Biological functions of cell membranes are controlled by the dynamic organization and interactions of the membrane's main building blocks, lipid and proteins. For simplicity, synthetic lipid membranes are usually studied as mimics of cell membranes in order to tease out reliable information of the interplay between membrane composition, structure, and dynamics and the resultant membrane functions. Using a suite of techniques including x-ray and neutron scattering and MD simulations, the aim of this project is to understand:
- Nanoscale membrane structure
- Effect of membrane composition on domain formation/structure and interactions
- Fast membrane dynamics and their role in biological functions
- Membrane bending and thickness fluctuations
- Membrane protein interactions
This project aims to investigate curvature effects in surface-modulated lipid membranes. This is done by utilizing the tunability of nanopatterned thermoresponsive polymer scaffolds to generate controllable 2D architectures in supported lipid membranes. The premise of this system is that it enables real-time realization of lateral membrane reorganization and peripheral protein binding in response to local membrane curvature, thus providing insights into critical membrane functions such as signal transduction, cell trafficking, and host-pathogen interactions. Further, such tunability of membrane topography can open new avenues to thermally switchable membrane-based biosensors.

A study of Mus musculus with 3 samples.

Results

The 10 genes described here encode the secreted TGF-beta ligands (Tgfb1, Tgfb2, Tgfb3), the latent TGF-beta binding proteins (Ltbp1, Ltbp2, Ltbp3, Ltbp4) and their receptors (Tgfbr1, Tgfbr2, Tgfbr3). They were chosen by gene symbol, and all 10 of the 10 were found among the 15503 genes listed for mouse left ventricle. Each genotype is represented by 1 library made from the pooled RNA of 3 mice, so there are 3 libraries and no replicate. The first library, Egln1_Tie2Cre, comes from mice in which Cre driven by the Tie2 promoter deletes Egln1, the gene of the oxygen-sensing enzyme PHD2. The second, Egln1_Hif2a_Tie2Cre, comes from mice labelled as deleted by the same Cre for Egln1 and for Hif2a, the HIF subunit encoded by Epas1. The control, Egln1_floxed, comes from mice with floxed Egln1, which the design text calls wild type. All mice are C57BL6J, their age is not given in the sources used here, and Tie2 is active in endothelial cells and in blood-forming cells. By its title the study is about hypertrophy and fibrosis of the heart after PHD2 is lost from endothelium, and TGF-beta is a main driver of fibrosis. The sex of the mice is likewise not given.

Polymer nanocomposites (PNCs) are promising candidates for advanced multifunctional light-weight materials. The premise of PNCs lies in the myriad of possibilities they offer in synergistically integrating particle and polymer properties to obtain substantially improved material performance. Although earlier research on nanocomposites has remarkably enhanced our understanding of PNCs, less explored phenomena such as individual and collective chain dynamics and thermodynamically-driven wetting and dispersion phenomena, currently pose significant challenges to the applicability of PNCs in next-generation technologies. The focus of this project is to combine x-ray/neutron scattering with spectroscopy and simulations to understand the hierarchy of structures and dynamics and design advanced PNCs with controlled material properties.
Research interests in Professor Täuber's group are in soft condensed matter and non-equilibrium systems. Specific research interests include: structural phase transitions; dynamic critical behavior near equilibrium phase transitions; phase transitions and scaling in systems far from equilibrium; statistical mechanics of flux lines in superconductors; and applications of statistical physics to biological problems. The group employs Monte Carlo and Langevin molecular dynamics simulations to solve stochastic equations of motion, as well as field theory representations to construct perturbational treatments and renormalization group approaches that improve on mean-field approximations.
Prof. Kaplan's research interests are in theoretical soft matter and biological physics. In close connection to experiments, his group develops theories and simulations to elucidate the interplay between the material composition, dynamics, form, and emergent function in living systems and their synthetic analogs.